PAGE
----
I have stopped dating. I have cut them all off. I just can’t go through these motions anymore. I’m sick of the cocktails, the text messages, the poorly-chosen restaurants for the second or third dinner, the nervous jokes, the lies, the abrupt honesty… And I don’t miss being in a relationship. Maybe I’ve forgotten how. It doesn’t matter what I remember and what I don’t, anyway. I’ve sunk myself too deep into my cynical isolated cut-off New Yorker shell.
Last week I found myself in an intense conversation with a travel writer. And after a discussion about Amsterdam, or Prague, whatever we talked about, the canals or the Vltava, and after his lips grazed mine, I pulled away and crossed my arms. His hand slowly brushed my cheek and he shook his head, searching my eyes for signs of life. My thoughts, my eyes, whatever fire I had in them, were drifting. I was drifting. It happened so quickly he was caught off guard. He leaned in again and press his lips to mine. The warmth was gone. I was gone.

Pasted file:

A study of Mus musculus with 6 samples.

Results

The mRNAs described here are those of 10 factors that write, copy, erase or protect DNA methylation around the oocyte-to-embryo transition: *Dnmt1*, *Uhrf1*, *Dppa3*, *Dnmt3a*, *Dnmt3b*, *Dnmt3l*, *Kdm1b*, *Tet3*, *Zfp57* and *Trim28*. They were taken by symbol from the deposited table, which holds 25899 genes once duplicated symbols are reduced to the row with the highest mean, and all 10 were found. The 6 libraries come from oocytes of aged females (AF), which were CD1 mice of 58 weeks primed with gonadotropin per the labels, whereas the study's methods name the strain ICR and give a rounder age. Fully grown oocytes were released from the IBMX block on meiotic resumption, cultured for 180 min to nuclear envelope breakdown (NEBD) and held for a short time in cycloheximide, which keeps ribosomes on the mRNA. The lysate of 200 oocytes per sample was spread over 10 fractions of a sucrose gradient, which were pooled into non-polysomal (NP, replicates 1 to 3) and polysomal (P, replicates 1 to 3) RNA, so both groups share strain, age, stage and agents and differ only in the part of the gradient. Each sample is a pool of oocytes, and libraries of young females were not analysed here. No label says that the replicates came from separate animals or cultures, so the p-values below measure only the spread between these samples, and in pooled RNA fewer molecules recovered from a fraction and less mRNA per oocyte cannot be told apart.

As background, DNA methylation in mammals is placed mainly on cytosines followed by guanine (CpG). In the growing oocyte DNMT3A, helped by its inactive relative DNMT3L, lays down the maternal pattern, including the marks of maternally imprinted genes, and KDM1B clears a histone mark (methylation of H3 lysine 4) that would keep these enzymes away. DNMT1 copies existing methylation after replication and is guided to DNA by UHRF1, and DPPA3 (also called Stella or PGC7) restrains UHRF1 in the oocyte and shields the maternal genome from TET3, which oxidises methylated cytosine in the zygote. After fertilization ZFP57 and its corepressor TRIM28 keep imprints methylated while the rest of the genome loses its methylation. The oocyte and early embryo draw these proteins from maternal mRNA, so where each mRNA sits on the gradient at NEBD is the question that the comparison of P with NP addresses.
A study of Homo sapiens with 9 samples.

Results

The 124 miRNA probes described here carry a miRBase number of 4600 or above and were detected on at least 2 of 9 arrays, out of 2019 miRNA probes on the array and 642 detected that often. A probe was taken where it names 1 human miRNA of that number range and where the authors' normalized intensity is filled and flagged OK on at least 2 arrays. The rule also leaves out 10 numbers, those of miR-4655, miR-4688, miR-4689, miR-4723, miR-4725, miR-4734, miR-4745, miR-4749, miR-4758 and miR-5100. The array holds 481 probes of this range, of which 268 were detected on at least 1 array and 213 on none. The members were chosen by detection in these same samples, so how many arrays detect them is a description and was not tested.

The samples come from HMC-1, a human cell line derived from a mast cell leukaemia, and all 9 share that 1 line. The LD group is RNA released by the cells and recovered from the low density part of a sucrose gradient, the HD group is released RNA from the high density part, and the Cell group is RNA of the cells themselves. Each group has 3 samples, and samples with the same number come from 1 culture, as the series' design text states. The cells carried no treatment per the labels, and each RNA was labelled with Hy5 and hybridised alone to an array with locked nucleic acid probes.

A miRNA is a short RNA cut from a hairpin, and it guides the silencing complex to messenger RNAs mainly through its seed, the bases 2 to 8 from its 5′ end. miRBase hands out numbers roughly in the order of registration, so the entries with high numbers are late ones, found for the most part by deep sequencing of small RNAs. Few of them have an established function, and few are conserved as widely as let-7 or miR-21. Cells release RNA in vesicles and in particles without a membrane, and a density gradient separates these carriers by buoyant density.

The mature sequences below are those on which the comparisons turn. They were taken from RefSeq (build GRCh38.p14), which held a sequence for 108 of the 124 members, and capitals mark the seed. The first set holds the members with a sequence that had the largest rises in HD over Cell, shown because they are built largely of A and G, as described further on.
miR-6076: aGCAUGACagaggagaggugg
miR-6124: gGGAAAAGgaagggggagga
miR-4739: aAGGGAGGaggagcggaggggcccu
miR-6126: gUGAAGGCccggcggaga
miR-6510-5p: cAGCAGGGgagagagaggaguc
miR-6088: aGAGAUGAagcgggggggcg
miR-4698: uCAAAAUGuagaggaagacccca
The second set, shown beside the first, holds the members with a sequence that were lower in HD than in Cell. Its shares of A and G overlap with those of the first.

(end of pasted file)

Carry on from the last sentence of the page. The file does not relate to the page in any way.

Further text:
How does it feel to kiss a girl and lose her in the same instant, I should have asked. Tidal? Is that the inertia of romance?
Excluding minor exceptions, I have been alone for the last year. I sleep in a cocoon of quilts, paperbacks, pillows and the white noise hum of a box fan. I rarely think about the past, the hands, the breath on my neck, or the sweaty early-morning snow angels we became in my sheets; the fog of the smoky darkness as the evening thrashed unrelenting, beneath the covers, between my legs. I almost completely forget the flinching gasps or the slow-stroking fingers tracing my spine.
These transient men across the table at the bar, the restaurant, wherever they plan on seducing me, have no idea how I lie in bed now: alone, curled up, the white noise of the box fan soaking the bedroom, my warm back pressed up against a future fantasy’s arms.